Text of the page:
Wendy Carter has just moved to Co-operatives UK, the apex body for the UK co-op sector, to lead its communications and marketing activities. She previously worked as head of development at the recently renovated Piece Hall venue and leisure centre in Halifax, following a series of marketing roles in the charity sector. Here, she talks about digital content, the need to tell co-op stories and the potential for growth in the movement.
Can you describe a typical day?
As I am new to the role, I am writing a marketing strategy for Co-operatives UK and looking at our communications with a fresh pair of eyes, which is always useful when you join an organisation which has been running for nearly 150 years.
We’ve just held Co-operatives Fortnight, our flagship marketing campaign, so recently we’ve been pulling together data for the Co-operative Economy Report, identifying new trends which might be of interest to the media – this year we led with the story that new co-ops are nearly twice as likely to survive their first five years as other businesses. We worked with Blake House Co-operative to create an inspirational film, which has had a reach of nearly 100,000 on social media to date.
Compelling digital content plays a key role in any communications plan so we are always looking for great case studies of innovative co-ops, striking photography, fascinating facts and inspiring film footage. Luckily our member co-ops are a great source of content – and with such a wide range of sectors and businesses there is always something to talk about.
What about your new role excites you most?
As a marketer I am excited about the opportunity for growth. The UK’s co-operative sector comprises more than 7,000 independent businesses with a combined turnover of £36bn, but this is still only a fraction of the overall UK economy, and a far smaller percentage than other countries such as Italy, France and Canada.
This presents an exciting opportunity to really grow the sector, with Co-operatives UK at the heart, as the organisation that unites the rich and varied range of co-op businesses together to speak with one voice.
Have you been involved in co-ops before?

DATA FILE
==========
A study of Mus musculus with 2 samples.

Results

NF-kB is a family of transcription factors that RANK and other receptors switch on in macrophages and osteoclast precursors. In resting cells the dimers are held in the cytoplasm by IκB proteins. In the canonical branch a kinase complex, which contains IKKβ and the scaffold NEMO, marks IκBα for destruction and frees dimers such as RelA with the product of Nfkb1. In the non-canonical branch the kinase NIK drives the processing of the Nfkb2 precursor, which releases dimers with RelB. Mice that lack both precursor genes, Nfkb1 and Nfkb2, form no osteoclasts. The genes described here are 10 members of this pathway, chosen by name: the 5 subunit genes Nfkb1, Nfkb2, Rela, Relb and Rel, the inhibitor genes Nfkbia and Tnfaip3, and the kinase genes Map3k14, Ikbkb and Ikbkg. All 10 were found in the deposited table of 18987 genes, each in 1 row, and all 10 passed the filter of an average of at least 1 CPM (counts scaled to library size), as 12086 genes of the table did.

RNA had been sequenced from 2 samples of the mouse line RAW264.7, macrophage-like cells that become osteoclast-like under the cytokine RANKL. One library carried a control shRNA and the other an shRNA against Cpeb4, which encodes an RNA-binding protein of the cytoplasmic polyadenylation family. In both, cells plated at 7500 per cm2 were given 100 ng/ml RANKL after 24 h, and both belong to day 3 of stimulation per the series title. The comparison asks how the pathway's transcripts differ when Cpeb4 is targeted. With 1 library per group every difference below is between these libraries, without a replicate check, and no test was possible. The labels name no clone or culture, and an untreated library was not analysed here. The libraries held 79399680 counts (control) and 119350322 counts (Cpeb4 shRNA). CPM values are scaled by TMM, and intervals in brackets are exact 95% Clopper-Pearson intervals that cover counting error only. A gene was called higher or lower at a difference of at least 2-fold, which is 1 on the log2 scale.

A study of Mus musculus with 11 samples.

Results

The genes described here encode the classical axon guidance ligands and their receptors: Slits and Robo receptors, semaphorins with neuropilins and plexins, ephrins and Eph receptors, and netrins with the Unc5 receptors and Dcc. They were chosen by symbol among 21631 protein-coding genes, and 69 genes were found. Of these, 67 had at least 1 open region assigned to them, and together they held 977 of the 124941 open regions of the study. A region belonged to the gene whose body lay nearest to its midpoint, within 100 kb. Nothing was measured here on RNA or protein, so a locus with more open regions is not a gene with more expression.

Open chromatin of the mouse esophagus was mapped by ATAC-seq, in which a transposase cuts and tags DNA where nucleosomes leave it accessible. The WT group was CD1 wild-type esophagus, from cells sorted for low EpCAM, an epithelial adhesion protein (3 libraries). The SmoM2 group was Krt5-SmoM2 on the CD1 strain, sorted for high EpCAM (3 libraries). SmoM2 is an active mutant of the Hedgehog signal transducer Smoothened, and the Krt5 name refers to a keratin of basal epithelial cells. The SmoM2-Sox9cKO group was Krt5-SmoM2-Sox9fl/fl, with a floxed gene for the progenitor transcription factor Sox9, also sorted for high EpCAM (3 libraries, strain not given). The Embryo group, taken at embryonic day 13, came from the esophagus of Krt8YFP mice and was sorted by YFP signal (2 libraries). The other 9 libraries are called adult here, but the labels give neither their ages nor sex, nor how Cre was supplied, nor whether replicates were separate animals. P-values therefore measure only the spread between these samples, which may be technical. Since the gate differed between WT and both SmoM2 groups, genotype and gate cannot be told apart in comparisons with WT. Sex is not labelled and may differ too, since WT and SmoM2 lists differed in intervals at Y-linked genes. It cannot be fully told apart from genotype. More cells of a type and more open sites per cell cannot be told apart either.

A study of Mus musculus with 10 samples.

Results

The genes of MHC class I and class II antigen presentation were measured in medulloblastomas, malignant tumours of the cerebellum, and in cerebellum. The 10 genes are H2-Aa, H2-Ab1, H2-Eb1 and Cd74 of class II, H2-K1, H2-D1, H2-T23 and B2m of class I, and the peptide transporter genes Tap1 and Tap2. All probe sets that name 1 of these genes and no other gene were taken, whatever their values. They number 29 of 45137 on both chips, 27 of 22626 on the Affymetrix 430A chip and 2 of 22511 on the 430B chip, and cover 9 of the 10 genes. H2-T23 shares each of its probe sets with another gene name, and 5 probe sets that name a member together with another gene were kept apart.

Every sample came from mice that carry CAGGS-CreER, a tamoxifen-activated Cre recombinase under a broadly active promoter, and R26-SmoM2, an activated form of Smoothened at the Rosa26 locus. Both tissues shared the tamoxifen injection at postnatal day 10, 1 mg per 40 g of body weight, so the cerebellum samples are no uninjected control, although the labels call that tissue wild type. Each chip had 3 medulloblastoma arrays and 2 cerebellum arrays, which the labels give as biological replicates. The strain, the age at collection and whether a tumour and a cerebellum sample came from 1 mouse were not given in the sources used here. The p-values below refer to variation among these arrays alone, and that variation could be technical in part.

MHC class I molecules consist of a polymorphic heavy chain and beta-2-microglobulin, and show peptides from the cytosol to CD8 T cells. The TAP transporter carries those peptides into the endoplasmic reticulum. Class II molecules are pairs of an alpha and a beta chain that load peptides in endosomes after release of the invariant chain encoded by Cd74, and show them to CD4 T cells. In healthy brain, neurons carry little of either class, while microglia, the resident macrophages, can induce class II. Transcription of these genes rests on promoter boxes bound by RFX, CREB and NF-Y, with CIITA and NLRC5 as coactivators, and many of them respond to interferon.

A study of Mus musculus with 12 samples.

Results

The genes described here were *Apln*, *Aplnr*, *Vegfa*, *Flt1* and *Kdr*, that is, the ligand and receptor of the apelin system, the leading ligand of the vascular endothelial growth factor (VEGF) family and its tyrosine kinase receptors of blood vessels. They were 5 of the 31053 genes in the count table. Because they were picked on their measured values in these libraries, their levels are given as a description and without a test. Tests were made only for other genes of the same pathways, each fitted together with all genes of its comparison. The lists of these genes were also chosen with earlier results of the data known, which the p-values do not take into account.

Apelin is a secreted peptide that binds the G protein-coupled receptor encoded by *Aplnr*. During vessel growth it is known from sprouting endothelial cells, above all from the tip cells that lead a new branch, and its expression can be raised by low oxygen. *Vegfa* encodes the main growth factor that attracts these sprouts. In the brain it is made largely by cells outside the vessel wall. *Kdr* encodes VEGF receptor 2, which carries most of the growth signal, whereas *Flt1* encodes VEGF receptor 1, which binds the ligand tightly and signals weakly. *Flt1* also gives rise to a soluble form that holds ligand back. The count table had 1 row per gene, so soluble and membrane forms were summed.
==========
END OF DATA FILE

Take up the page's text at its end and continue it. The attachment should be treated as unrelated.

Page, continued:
I have spent the last 17 years working in the charity and non-profit sector, working to promote a range of causes from heart research to wildlife conservation, teaching children to cook and launching a world-class heritage and cultural destination, but I am new to the co-op sector. Or so I thought! At the start of my career I worked at Yorkshire County Cricket Club, which I have just learned is a co-op. Little did I know that 20 years after taking minutes at some very vocal AGMs, I would come full circle back into the co-op world.
What is Co-operatives UK’s co-operative difference?
We are in a unique position to act as a unifying force for the UK’s co-operative movement, as a whole and for individual sectors. When we work together we are at our strongest – proven by recent lobbying efforts alongside our farmer members which resulted in Defra announcing a £10m collaboration fund. As experts in co-operative advice we help members and non-members thrive by supporting with governance, HR, membership and financial advice.
What is the biggest challenge facing UK co-operatives?
From a marketing perspective, the biggest challenge is lack of awareness. We need to promote co-ops as a viable and ethical business model in schools, at universities and business schools. In one of my previous roles we taught children to cook as a way of encouraging lifelong healthy eating habits, and in the same vein we should be teaching young people and new entrepreneurs to develop businesses that give back to workers, communities and customers.
How could co-ops tell their stories more effectively?
There is a lot of jargon and I think we just need to keep things simple. Every co-op should have an ‘elevator pitch’, using everyday language to explain the purpose and values of their business. People are bombarded by information and if you really want to stand out, a clear brand and a few key facts (that really mean something!) can help to tell your story.
Where do you see the UK co-op movement in five years’ time?
We should be well on the way to achieving the aims of the National Co-op Development Strategy, with the Co-op Economy Report 2023 showing a larger market share for co-ops. I would love to see more cross-sector collaboration with co-ops supporting and procuring goods and services from other co-ops.
Which achievement are you proudest of?
I have been lucky enough in my working life to do lots of interesting things, including setting up the UK’s largest network of cooking clubs and being part of the successful re-opening of Britain’s last surviving cloth hall. I am excited about the part I can play in the co-operative movement.